The upgrades will deliver efficiencies, as well as maintenance savings, which will cut the cost of biomass electricity production at the plant in North Yorkshire.
The work, which starts in 2019, will take three years to complete, with one biomass unit being upgraded each year as part of its planned major overhaul.
“We firmly believe that biomass has a long-term role to play in the U.K.’s energy infrastructure," said Andy Koss, chief executive officer of Drax Power. "We’re looking at a number of ways to bring down the costs of our biomass generation — and these turbine upgrades are an important part of that work."
“Reducing the costs of our biomass operations will help to preserve the life of the plant and protect jobs, whilst we continue to produce the flexible, renewable power millions of homes and businesses rely on," Koss said in a statement.
The efficiencies will be gained by fitting new, high tech pipework and valves, with new high efficiency blading and long life seals within the turbines on biomass units 1, 2 and 3.
Since transforming half of the power station to run on compressed wood pellets instead of coal it has become Europe’s biggest decarbonisation project — and the U.K.’s largest single site renewable power generator.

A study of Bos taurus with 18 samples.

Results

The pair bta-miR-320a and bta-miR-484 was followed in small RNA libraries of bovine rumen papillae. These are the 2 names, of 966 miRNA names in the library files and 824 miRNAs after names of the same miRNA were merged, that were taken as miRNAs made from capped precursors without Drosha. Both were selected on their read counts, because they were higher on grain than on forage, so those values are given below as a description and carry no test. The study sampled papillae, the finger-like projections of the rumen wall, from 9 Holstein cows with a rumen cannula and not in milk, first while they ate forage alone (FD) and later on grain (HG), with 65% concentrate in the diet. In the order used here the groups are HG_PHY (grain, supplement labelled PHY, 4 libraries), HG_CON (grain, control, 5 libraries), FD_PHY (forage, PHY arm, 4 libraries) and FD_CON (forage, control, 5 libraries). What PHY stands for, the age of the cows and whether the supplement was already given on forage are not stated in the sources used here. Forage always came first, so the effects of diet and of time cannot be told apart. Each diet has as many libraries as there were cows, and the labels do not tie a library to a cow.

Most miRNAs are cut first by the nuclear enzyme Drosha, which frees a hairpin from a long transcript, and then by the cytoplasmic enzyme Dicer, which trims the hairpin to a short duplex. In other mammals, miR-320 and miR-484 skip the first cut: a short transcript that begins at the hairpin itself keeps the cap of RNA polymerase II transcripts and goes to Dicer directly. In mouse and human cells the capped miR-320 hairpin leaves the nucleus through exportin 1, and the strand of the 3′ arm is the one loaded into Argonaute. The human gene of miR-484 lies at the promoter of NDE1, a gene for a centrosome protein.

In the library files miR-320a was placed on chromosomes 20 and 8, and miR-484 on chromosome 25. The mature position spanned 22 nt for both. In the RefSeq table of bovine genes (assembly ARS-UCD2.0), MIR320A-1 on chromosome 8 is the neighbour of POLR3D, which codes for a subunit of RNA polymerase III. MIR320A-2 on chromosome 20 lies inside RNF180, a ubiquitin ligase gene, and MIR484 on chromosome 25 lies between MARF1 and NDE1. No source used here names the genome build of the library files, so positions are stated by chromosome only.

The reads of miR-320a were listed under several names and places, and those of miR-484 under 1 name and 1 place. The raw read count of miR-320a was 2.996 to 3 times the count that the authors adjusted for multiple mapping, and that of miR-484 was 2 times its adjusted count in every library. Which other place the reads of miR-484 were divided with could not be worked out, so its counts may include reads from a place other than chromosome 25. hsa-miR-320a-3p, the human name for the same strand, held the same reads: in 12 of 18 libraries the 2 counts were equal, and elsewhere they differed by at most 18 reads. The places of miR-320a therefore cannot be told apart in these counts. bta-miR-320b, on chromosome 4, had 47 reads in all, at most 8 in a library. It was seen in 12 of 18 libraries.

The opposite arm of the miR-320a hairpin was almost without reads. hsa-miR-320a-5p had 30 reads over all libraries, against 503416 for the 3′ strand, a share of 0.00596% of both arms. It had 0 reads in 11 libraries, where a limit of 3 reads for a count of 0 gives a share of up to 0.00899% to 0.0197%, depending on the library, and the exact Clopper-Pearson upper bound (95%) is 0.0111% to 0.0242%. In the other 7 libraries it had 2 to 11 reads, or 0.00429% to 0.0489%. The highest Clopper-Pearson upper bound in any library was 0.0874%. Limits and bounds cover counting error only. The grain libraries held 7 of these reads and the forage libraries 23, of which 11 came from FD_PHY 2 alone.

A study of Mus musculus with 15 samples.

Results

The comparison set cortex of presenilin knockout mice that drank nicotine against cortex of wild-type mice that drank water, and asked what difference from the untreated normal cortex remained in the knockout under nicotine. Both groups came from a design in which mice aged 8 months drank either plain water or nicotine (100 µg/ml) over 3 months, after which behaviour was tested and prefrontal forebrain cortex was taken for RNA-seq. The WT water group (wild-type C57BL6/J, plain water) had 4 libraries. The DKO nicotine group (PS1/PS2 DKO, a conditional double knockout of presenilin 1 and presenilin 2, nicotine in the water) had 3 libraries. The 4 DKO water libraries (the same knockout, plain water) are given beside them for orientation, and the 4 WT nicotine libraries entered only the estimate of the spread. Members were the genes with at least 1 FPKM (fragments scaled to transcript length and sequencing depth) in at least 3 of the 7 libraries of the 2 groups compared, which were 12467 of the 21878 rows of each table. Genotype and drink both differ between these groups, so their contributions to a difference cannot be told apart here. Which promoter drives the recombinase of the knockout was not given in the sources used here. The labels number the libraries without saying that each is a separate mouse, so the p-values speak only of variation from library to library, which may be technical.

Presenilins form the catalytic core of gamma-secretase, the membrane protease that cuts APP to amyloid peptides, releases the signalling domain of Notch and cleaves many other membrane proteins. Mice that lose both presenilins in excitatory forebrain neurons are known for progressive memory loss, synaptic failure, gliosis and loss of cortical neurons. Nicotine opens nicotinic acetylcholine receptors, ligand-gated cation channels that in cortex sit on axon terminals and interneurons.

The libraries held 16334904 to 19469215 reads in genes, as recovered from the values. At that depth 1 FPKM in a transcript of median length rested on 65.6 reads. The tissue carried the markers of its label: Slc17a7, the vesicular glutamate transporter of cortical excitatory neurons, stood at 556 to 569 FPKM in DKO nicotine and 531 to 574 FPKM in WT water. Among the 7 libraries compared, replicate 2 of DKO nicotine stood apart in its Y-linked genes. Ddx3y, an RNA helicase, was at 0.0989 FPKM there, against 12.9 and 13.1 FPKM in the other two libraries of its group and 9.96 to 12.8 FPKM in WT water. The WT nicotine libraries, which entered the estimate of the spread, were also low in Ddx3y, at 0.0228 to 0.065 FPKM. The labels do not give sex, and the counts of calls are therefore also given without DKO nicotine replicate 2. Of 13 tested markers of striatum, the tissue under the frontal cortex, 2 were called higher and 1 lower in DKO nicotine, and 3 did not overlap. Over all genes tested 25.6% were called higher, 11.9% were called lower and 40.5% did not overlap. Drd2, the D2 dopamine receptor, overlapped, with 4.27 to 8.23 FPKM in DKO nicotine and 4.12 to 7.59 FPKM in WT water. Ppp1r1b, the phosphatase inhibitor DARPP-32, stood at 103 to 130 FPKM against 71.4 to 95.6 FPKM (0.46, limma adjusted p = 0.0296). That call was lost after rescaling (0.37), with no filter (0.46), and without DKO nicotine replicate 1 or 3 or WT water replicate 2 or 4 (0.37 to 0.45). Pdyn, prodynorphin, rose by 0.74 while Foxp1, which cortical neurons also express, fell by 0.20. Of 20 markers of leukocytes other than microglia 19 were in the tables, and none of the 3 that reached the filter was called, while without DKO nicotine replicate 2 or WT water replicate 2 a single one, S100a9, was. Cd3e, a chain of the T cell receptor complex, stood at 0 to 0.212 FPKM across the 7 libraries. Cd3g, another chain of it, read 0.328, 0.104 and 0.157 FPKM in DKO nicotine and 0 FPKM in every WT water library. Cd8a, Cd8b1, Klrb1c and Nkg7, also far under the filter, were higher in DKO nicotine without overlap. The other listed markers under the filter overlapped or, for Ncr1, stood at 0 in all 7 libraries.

“Siemens and Drax have a long-standing and proud partnership so it’s fantastic that we will now help them further develop their biomass solution," said Darren Davidson, managing director, power generation service, power and gas at Siemens. "Once delivered this project will improve plant efficiency and flexibility and provide a further source of low carbon power to U.K., homes, businesses and services.”Drax has upgraded three of its coal units to run on biomass with a fourth unit currently being converted — due to return to service later in the summer. It also plans to repower its remaining two coal units to use gas and develop up to 200MW of battery storage.
The cost of the upgrades are within Drax’s existing plans with payment upon completion of the works.
Drax produces 11.5 per cent of the U.K.,’s renewable electricity — enough for four million households. Drax’s biomass generating units deliver carbon savings of 80 per cent compared to when they used coal.